Sooner or later, we all have to tell our friends and family what we’re doing with our time.
I’m a writer, I spend my time writing, but when someone asks if I’m working on anything, I tend to answer with as much vagueness as possible. There are a lot of reasons for this, the main one being that no matter how much I might be in love with my story, talking about a work in progress makes me feel like it’s the lamest thing anyone ever wasted time on. I’m almost positive that’s how my talking about it makes you feel, too.
A close runner up in the reasons for being vague is the question, “When can I read it?” Not because I don’t want you to read anything I write. Although, if you and I know each other, I’d really rather you not. (What if you hate it? What if you think I think everything my character thinks? What if you tell my mom I said a bad word? What if you want to talk to me about it the next time we see each other and I come off sounding like a doofus who couldn’t string together a sentence to save her life?)
This is getting off track. Anyway, what I’ve been doing with my life for the past two months is make these: Bad Decisions and Bad Influences.
Now a short Q&A:
Q: Do people actually buy short stories?
A: Apparently so. Fifteen people have bought Bad Decisions so far with almost no marketing. People also download short stories when they’re free. You can see the nifty graph I made illustrating that in Week 6’s Progress Report.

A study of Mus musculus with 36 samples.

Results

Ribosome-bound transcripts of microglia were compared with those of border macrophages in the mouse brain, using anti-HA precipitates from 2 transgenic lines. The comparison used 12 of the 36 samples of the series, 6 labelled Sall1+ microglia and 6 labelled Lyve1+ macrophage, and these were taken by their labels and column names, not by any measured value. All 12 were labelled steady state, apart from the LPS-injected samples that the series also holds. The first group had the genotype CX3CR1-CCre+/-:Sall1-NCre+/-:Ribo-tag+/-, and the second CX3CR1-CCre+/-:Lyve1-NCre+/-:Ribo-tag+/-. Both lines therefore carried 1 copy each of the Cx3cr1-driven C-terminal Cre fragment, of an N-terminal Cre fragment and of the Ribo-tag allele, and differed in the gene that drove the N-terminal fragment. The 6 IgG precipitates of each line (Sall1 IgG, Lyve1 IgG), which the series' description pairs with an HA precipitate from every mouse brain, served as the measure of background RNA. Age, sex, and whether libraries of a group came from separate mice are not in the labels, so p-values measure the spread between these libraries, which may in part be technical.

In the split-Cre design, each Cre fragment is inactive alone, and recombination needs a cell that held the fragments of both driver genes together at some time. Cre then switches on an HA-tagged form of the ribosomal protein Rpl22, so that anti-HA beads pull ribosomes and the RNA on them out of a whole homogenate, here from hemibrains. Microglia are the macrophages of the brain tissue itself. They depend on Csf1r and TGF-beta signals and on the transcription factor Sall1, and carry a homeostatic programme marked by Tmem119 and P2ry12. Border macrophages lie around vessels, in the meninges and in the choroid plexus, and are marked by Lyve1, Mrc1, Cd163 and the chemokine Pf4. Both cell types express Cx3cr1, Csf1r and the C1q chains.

Q: You’re not a man from Arkansas.
A: That’s not a question.
Q: Why E.M. Smith?
A: Why not?
Q: This isn’t going anywhere. I’m leaving.
A: Wait, I was just kidding! You’re right, I’m not a man from Arkansas. E.M. Smith is one of my pen names. He writes only action/adventure and non-paranormal thrillers. Besides Earl Mason Smith, I have two other pen names—one who writes romance and one who writes paranormal, urban and epic fantasy. Each one has his or her own backstory, personality, and style.
Q: I find that hard to believe.
Q: Hey, I’ll ask the questions here.
A: Ask one, then.
Q: Why did you do this Insanity: Writing experiment?
A: Mostly because I was stuck in an endless cycle of edits on a much larger book that’s coming out later this year (under a different, more recognizable pen name) and I wanted to do something else for a while. Also because I needed to get some hands-on experience with the self-publishing process before I tried to format and sell a full-length novel.
Q: I own a Kindle or have the Kindle Reader app. Should I buy Bad Decisions and Bad Influences?
A: If you like black ops stories with lots of guns and action, yes. If you like stories of wrongfully accused former troublemakers redeeming themselves, yes. If you like sweet romances, inspirational Christian fiction, or lyrical writing, probably not.
Q: Why not?
A: There are a lot of cuss words in both stories, mostly due to the fact that the main character is a scared, hurt, angry young man who doesn’t have the patience to express himself in more flowery, less vulgar terms. I have tamer narrators in upcoming works that might be more to your liking.
Q: I’ve heard reviews are important for self-published writers. Should I put a review of your story on Amazon?
A: Actually, no. If you’re related to me or friends with me, we could get in trouble for “shill reviews.” Even if you were to write a 100% unbiased, honest review, we could get in trouble. For serious.
Q: Will there be any more Bad stories?
A: Yes. At least three more, according to my current breakdown of the larger arc.
Q: Why didn’t you tell anybody before now?
A: I was doing an experiment. Telling people about an experiment will skew the results.
Q: Your experiment was done yesterday.
A: I was really tired. Now, if you wouldn’t mind reading from the card…
Q: [sigh] How did you do in your 5k?
A: Thanks for asking! Josh and I got 2nd place in our age groups. You can read all about that here.
That’s pretty much that. Feel free to ask any other questions in the comments section below or wherever you saw this posted.